As a recent Millsboro Town Council meeting approached, Councilman Larry Gum was looking forward to assembling in person, after a few months of teleconferencing.
“I want to look at my people’s faces. A lot of times you can read their faces. You can tell by looking them in the eye. You can tell what they are thinking by looking at them,” he said about fellow council members.
This month, they did meet in person, in a larger room in the Millsboro Town Center, to allow more space to spread out than is available in the council chamber.
Gum, the senior member of the council, who represents the at-large district, began another term of office that evening, after winning the Saturday, June 13, election against challenger Denise Blake by 25 votes. He received 77 votes, and Blake garnered 52.
The two have been cordial to each other, speaking at the election and exchanging text messages. Afterward, Blake told the Coastal Point she had been asked to run for state representative and planned to meet with officials.
Gum said this term might be his last, so he is eager to continue working on several projects the Town is involved in.
“We just awarded a contract for a water-storage facility. We need that for the growth of Millsboro. We issued the contract, and it will be built as soon as we can start construction. We need an additional water-treatment facility for the sheer volume of water residents are using,” he said.
The Delaware Department of Transportation plans to build what will be a six-lane highway around Millsboro to help alleviate traffic he characterized as “bumper to bumper.” He said he’s been aware of plans for a bypass for trucks for 10 years “but I haven’t seen the first thing.”
“I’ve heard them say we’re going to do that in the future,” he said, adding that the State has to go through the process of purchasing property on each side of the existing highway first, before a bypass can be constructed.
“Our local police have been operating in what was the old Millsboro Post Office, and they are wall-to-wall in there. I give them a lot of credit for how they make use of space. We’re looking to build a new town hall,” he noted. “Right now, the figures are so high that we are still in the process. We still haven’t issued any contracts. It’s in progress. It’s not moving real fast, and the police have been real good about waiting.
“We just signed a go-ahead with Texas Roadhouse — something people have been asking for,” he added.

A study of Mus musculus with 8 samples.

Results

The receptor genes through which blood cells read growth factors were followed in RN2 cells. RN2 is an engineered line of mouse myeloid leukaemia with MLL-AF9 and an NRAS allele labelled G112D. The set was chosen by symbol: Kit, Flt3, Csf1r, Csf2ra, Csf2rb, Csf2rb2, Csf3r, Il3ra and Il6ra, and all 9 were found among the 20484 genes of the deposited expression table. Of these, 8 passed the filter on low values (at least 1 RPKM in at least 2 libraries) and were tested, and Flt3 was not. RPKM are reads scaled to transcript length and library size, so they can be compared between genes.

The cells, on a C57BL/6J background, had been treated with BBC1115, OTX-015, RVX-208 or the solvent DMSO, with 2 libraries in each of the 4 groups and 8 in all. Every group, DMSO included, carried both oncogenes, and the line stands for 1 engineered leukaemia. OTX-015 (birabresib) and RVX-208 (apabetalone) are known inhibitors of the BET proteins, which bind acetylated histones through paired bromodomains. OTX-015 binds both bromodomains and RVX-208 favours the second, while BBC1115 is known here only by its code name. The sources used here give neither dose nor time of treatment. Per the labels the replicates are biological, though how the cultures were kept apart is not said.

Last week, ground was broken on an adjacent parcel for a new 212-seat, 6,558-square-foot Grotto Pizza with sports bar, being built in Peninsula Crossing on Route 113 southbound, near Royal Farms and Taco Bell. It’s expected to open later this year.
“I’m proud of all the progress we have made, but I am most proud of the working relationship with the town council and all of our employees. It’s difficult sometimes when somebody brings something up and says, ‘I make a motion.’ People don’t realize how much work is behind the scenes before it’s voted on. They make it look easy. It almost looks too easy,” Gum told the Coastal Point during a recent afternoon conversation.
Among the many matters being discussed by the town council is the rapid growth of Millsboro, something Gum called “a Catch 22.”
“You have to grow. If you don’t grow, you die. If you grow, you have growing pains and it’s dealing with those growing pains. Traffic is the major issue. When people move in here, you need services. It’s balancing the combination of new construction, services — whether it be a grocery store or whatever kind of store,” he said.
Gum, who handles social media for the Millsboro Volunteer Fire Company “to keep everyone informed,” has been involved with the volunteer company as chief for 10 years, and a total of 42 years.
“We’ve got a good rapport between the Town and the Millsboro fire services. Back in the old days, we didn’t have an ambulance, but all the fire companies hire EMTs now. In Millsboro, the issue is distance to hospital emergency rooms,” he said.
“When an ambulance goes on a ride, when it takes a patient to the hospital, it’s at least 20 miles, 25 miles, to Salisbury, to Beebe, so the ambulance is out of service double that, because we have to turn around and come back,” he said, explaining that the fire department’s three ambulances travel 7,000 to 8,000 each month with two crews on call. The third ambulance, a trusty Chevrolet, has about 250,000 miles on it and will be replaced soon.
A native of Frankford, Gum said this might be his last term on the council.
“We’ll see,” he said, explaining that he originally ran for a seat after serving as fire chief and attending council meetings to give reports to town officials. A friend told him a seat in his district was available. “I went to town and got it by default,” he said.
He was referring to finishing the term of Councilman Joe Brady, who died in office on Nov. 22, 2016, after having been mayor of Millsboro for six years and on the town council for 12 years. Gum was elected to a full term in 2017 and is now starting his second three-year term. He was also mayor from 2007 to 2011, succeeding Robert Bryan.
Gum said he is fond of current Mayor Michelle Truitt, who was elected to a second one-year term earlier this month, and said she is “doing a great job.”
“She’s a school teacher. They’ve been off through all this coronavirus going around, and she’s been going around trying to talk to our local business people. She’s like me — she’s from Frankford,” he said with a smile. “She does a really good job.”